The TGV took us to Paris via Angoulême and Poitiers in a smooth, swift 3 hours. We took a taxi from the Gare de Montparnasse to our hotel, the Hotel André Latin, on rue Gay-Lussac, dumped the luggage, and set off to explore the neighborhood. The first thing we encountered was the Institut Oceanographique, just a block away, where David's two-day meeting was to be held. It's a wonderfully old-fashioned brick-and-stone building with a square tower on one side, a beautiful bronze octopus over the door (trimmed with whelk and scallop shells), twining seahorses on the doors themselves. It's a branch of the same institution, founded by Albert I of Monaco, that owns and runs the oceanograhic museum in Monaco.
The next thing we encountered was (were) our good friends and colleagues Andy Gooday and Lisa Levin, who had also just arrived (independently) and were out getting sun to help with jet lag, so we joined them for a long walk around the nearby Luxembourg Gardens, where coincidently, a youth orchestra was giving a concert (they must have crammed 100 musicians onto that little round bandstand, not just elbow to elbow but practically cheek to cheek; if it hadn't had railings, the outer ones would have fallen off!); we never did find out who they were. (Please note that Lisa wishes to disclaim responsibility for the sunglasses she is wearing, which she had to buy en route and, she assures me, are not those she would have chosen if given a greater selection.)
Dinner that night was at Taillevent, about two blocks from the Arc de Triomphe and the Champs Elysées. The name means "clipper ship," but the restuarant does not have a nautical theme; it's just named for somebody who called himself that. Once again, we ordered the tasting menu, so we ate all the same things.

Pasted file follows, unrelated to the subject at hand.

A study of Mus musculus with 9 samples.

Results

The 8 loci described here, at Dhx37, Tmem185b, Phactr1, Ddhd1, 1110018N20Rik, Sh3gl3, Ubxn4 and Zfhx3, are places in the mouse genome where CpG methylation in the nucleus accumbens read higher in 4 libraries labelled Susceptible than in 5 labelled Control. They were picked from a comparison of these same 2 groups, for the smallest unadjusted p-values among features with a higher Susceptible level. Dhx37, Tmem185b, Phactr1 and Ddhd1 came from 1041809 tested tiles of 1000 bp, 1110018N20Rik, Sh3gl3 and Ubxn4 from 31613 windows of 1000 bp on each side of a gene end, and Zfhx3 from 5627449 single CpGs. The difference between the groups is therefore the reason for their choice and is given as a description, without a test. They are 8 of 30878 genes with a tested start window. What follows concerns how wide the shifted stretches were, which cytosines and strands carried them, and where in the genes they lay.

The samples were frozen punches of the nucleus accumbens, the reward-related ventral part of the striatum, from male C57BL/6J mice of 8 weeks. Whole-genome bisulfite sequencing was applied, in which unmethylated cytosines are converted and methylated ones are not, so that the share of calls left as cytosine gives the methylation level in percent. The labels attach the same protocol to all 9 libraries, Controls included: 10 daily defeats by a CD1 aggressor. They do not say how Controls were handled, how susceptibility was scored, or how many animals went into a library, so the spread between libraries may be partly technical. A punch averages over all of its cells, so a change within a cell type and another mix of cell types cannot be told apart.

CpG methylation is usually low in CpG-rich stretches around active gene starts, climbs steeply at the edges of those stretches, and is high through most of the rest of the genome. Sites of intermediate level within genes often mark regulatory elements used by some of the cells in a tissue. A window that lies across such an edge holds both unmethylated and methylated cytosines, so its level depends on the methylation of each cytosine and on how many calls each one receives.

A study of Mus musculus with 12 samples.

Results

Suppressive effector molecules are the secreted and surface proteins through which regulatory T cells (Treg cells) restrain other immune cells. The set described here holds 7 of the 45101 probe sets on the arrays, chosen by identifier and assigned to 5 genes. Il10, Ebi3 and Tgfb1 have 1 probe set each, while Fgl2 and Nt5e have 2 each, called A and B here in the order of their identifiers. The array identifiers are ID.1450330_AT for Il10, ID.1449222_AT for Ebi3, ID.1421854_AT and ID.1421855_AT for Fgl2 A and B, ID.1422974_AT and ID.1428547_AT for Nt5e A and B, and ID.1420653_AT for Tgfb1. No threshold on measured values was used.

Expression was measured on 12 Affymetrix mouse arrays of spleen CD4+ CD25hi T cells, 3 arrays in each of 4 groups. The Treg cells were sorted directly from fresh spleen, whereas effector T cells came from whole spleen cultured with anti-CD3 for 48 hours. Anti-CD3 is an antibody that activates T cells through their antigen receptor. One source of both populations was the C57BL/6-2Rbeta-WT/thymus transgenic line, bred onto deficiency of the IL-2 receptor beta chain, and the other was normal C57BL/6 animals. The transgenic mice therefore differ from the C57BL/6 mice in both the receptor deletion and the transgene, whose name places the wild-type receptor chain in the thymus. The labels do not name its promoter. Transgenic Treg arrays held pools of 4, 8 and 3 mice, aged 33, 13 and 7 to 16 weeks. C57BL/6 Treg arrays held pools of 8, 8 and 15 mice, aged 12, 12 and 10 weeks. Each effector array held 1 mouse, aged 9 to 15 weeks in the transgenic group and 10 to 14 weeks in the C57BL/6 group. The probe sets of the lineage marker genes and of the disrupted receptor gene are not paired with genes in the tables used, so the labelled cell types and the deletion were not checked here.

Amuse-bouche: Yet another gazpacho, this one with a few whole capers in the bottom and garished with a drizzle of deep-green basil-infused olive oil and a small scoop of savory mustard ice cream. Extremely slender and fragile pastry straw on the side.
First course: Foie gras crême brulée garnished with julienne of green apple, a sliver of crisp crepe, and a fried basil leaf.
Second course: Small cheese ravioli with stewed mousseron mushrooms.
Third course: Sautéed filet of rouget with two sauces and braised baby vegetables. The paper-thin lemon slice was first simmered gently in sugar syrup then dried carefully in the oven until crisp and sweet like a cookie.
Fourth course: Boned and rolled saddle of baby lamb stuffed with whole lamb kidneys and roasted rare. Served with braised baby artichoke hearts and sautéed gnocchi. Surrounded by a lamb reduction sauce so rich it tended to congeal on the plate. An outstanding dish—definitely a contender for best meat course of the trip. The kidneys were so tender they had a texture almost like foie gras.
First dessert: "Snow eggs," soft egg-shaped poached meringues with raspberry liquid centers, resting on gelled fresh strawberry soup. Garnished with a chocolate straw, a whole raspberry, and a sprig of fresh marjoram. Note the plate of mignardises at the right-hand side.
Second dessert: "Hazelnut checkerboard," a square of chocolate-hazelnut ganache decorated with black and white chocolate squares and curls and a whole glazed hazelnut.
Ordinarily, the desserts would have been served in sequence and followed by the mignardises, but this was the night France played Portugal in the World Cup semifinals. Thousands of Parisians had gathered on the Champs Elysées to watch the match on giant screens in the street and in myriad bars and restaurants. Groups of riot police were posted at every street corner for blocks on either side. So we suggested to the maitre d' that it would be nice to be safely out of the neighborhood before the game ended; he concurred and arranged to have all three served simultaneously. We were therefore able to give our desserts the attention they deserved and still catch the subway home in time to watch the last nine minutes of the game in our hotel room. As we walked from the subway stop back to the André Latin, every bar, brasserie, café, and restaurant was marked by a crowd of 30-40 people outside on the sidewalk, peering in over the heads of the customers at the big-screen TV inside, so we were able to check the score every few steps, all the way. When France won, our neighborhood rioted, too, but there just aren't enough people in Paris to fill every street wall to wall, and the Champs Elysées was a big draw, so the local revels were more thinly spread—lots of shouting, cheering, chanting, marching, and singing, punctuated by some fire crackers and progressing to lots of driving rapidly up and down the streets honking constantly and with people standing up through sunroofs waving flags, cheering, and singing.